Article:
The previous post established that the energy to generate a Bitcoin is currently around 19 kWh/BTC. Although it may not be obvious to all, this gives a straight-forward way to calculate possible anchor points for the Bitcoin exchange rates by looking at electricity, natural gas, coal and oil prices - both regionally and globally.
If Bitcoin be considered an energy-dependent product, much like fertilizer, the price should theoretically follow developments in energy markets very closely - just like fertilizer prices.
Note that the following anchor points are estimated using the current difficulty level and energy prices.
The current US wholesale market for electricity gives a marignal cost of $0.83/BTC, as shown in our previous post. Residential prices are different from the wholesale market, however, and the current EIA short term market outlook report cites a US residential average of around 12 cents per kWh, giving a marginal cost of roughly $2.30/BTC.
Maybe somebody with more insight can tell me if residential/commercial US consumers easily can gain access to electricity close to wholesale prices?
European wholesale markets are around €60-€70/MWh, giving a marginal cost of around €1.24/BTC. Several places in Europe, it is fairly easy to get access to electricity at wholesale prices (plus a small margin), so a clever miner may have a marginal cost quite close to this.
Natural gas can be used as a power generation fuel, and anchor points for natural gas could theoretically become anchor points for Bitcoin. So what is the natural gas equivalence price?
Natural gas is also a regional commodity, with large variations throughout the world. Current US prices are around $3.7/MMBtu, which translates into a marginal cost of $0.53/BTC, assuming 45% power plant efficiency.
European natural gas is around €25/MWh, equivalent to a marginal cost of €1.06/BTC.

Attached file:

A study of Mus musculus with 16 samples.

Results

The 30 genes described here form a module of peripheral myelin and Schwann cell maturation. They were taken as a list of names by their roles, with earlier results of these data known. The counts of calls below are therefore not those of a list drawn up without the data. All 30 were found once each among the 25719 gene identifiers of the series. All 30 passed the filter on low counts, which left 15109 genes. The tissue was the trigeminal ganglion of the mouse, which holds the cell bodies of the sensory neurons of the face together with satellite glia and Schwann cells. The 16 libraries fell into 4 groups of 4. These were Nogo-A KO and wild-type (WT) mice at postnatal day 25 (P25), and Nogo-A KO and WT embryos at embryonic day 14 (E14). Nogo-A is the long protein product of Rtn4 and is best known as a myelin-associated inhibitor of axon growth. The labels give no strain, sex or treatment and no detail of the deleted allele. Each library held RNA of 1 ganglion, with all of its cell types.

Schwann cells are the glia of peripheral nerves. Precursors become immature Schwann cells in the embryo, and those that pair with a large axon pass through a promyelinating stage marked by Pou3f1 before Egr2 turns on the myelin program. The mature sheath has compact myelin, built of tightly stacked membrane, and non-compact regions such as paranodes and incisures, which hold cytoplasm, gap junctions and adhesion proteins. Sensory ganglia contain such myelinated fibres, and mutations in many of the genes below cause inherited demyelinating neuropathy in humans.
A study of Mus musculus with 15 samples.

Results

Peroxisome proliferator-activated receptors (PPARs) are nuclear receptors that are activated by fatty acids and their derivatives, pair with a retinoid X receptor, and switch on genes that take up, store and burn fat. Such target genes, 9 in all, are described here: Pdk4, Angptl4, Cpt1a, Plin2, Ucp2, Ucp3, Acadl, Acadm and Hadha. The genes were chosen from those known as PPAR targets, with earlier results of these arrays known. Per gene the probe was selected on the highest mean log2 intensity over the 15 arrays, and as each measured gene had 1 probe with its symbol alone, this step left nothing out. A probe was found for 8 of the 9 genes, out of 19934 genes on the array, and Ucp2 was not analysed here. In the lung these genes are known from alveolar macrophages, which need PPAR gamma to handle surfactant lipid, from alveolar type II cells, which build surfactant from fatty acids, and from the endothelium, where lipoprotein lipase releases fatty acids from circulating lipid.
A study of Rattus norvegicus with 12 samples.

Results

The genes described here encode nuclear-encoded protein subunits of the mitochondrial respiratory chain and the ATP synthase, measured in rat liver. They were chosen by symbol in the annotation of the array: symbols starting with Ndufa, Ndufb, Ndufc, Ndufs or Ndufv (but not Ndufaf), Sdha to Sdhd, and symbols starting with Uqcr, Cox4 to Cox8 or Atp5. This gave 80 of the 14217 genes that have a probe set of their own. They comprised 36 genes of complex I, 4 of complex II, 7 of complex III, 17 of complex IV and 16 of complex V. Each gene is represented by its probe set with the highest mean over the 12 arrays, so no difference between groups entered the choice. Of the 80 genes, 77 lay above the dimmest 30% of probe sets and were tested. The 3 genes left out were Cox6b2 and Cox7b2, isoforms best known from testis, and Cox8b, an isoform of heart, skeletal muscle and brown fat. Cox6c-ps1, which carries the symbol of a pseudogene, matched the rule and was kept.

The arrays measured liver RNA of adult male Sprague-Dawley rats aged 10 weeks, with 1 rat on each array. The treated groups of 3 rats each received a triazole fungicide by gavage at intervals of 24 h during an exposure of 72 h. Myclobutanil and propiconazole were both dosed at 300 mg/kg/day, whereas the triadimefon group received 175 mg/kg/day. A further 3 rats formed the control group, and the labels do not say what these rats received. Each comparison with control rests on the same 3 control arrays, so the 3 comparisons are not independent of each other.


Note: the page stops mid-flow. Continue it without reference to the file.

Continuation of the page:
Coal is particularly interesting in this respect, because it is a power generation fuel that is priced globally (more or less). Current coal price (CIF ARA, API#2) is around $117/tonne, which gives a marginal cost of $1.12/BTC.
Since oil is priced globally, it is interesting to try the same exercise with oil. A current price of $109/bl gives a marginal price of around $3.50/BTC - which is quite high, mostly owing to the inefficiency of burning oil for power generation.
Someone with access to an efficient gas-fired power plant in the US and wholesale gas markets, miners could get a marginal cost of $0.53/BTC. With access to wholesale electricity markets miners could achieve a marginal cost of $0.83USD/BTC or €1.24/BTC. And at current exchange rates, that is a very lucrative proposition. Even at US consumer electricity prices, the value of mining currently appears positive, although much more costly at $2.30/BTC.
The main conclusion, however, is that Bitcoin could in theory follow energy prices. Natural gas, oil and coal often move in parallel - and since Bitcoin can be considered an energy-dependent product, much like fertilizer which tracks developments in energy markets very closely, it should in principle also track energy markets.
As the commodity best reflecting global energy prices, will oil be the commotidy to track for Bitcoin traders?